Viki Moore and her family spotted an opportunity to replace pond-side willows with native trees on their property near Lake Ellesmere in Canterbury, regenerating a wetland for both feathered and human inhabitants to enjoy.

“The ponds on our property are a special area for our family,” says Viki. “We enjoy trapping, duck shooting, working to improve the area—and of course planting.”

The Moores began the restoration work on the property in 2012, beginning to clear the mature willow which had taken over the space. 

Some of the willow needed spraying, while mother nature assisted with others when a large patch of the trees blew over in a storm. 

“We were helped along the way by a Trees That Count advisor and also a Te Ara Kakariki rep, who helped us select which species would be suitable for a Canterbury native wetland,” explains Viki.

“We are slowly trying to replace the willow trees with natives, keeping on top of the weeds, and nurturing the plants that we have put in. It is a big job, but I am so pleased with the results we have had,” says Viki.

Viki giving a growing mānuka some encouragement. 

The family has planted more than 1,000 native trees together so far, with more in the works for this season. 650 of these native trees have been funded via the Trees That Count marketplace, with funders such as Fonterra alongside local businesses Adgraphix and Many Caps Consulting adding to the tally.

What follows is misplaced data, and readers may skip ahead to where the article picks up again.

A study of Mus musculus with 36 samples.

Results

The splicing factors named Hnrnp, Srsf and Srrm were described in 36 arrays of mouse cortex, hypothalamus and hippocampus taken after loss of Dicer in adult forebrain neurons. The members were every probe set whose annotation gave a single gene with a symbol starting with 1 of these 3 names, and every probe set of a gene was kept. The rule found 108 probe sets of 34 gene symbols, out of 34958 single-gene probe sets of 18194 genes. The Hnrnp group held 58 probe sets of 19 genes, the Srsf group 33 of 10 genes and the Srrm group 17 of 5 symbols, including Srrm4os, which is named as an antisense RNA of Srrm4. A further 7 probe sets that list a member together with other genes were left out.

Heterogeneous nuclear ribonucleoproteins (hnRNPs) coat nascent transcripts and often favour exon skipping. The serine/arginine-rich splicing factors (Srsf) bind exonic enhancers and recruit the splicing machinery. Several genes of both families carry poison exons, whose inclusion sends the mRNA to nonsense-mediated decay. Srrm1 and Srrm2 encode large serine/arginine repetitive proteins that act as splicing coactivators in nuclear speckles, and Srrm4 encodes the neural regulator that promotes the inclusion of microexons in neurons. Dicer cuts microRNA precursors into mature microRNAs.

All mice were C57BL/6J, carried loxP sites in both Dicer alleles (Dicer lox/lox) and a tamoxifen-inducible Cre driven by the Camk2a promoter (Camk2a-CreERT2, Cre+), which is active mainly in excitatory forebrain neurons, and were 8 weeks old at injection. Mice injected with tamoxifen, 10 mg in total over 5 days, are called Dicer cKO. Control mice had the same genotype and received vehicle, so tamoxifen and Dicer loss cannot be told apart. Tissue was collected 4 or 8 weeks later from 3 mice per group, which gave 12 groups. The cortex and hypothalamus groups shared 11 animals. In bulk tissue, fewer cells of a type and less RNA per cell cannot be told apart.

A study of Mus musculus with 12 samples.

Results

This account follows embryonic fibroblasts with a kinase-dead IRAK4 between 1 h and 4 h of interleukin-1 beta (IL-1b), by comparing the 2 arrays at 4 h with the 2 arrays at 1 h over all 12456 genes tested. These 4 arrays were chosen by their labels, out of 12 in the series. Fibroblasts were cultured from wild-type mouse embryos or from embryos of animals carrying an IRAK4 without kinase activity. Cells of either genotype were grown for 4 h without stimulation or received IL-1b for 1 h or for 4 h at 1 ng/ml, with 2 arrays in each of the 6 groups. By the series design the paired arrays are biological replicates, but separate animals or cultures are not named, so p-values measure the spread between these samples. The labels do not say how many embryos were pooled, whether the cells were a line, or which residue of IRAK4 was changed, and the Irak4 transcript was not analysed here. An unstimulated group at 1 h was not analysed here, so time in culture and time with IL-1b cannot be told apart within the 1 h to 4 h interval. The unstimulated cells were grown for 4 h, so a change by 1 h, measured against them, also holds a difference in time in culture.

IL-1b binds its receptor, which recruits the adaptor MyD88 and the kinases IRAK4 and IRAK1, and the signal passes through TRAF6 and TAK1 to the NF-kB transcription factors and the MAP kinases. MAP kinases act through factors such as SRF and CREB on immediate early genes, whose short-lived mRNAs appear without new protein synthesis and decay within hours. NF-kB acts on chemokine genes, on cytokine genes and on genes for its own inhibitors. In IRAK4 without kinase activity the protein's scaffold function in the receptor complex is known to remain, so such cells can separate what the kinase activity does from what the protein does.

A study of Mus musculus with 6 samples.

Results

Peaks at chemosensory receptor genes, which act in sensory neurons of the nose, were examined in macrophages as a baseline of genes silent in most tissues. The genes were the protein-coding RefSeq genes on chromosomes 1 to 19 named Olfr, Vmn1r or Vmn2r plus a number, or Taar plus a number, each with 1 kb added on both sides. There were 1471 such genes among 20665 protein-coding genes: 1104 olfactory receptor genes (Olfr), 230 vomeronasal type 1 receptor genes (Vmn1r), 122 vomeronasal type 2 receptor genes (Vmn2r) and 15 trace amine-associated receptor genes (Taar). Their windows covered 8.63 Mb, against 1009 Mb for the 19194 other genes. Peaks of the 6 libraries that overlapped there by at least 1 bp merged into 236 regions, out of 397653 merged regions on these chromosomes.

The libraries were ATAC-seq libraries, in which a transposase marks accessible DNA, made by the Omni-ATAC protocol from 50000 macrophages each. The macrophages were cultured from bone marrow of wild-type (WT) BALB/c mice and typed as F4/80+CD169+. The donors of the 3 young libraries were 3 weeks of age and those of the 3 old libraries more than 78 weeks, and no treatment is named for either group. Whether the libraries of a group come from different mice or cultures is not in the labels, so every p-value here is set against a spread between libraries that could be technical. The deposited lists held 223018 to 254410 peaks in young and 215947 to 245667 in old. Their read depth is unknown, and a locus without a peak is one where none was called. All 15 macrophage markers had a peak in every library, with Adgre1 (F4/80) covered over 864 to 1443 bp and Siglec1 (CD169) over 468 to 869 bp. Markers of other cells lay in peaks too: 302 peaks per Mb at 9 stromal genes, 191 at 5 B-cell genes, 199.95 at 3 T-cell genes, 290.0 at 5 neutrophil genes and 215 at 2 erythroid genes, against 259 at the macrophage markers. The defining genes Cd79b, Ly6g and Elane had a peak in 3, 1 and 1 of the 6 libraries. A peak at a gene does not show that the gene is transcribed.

“The trees from Trees That Count are much appreciated and I am excited by how fast they are growing!” 

“We have also been doing lots of trapping,” says Viki. “We have caught over 100 possums in our first year and three large ferrets: and we’ve noticed the birdlife has improved a huge amount since our trapping efforts started.”

The Moores are committed to adding to the beautiful native regeneration year on year. 

“Eventually we hope to eradicate all the willow trees and have a beautiful native wetland, free from pests,” says Viki.

“Seeing the trees thriving is very motivating, the bare bank that we cleared is now flourishing with new life. There are lots more native birds around as well. 

It is nice just being out in nature and creating something that will hopefully last for generations.”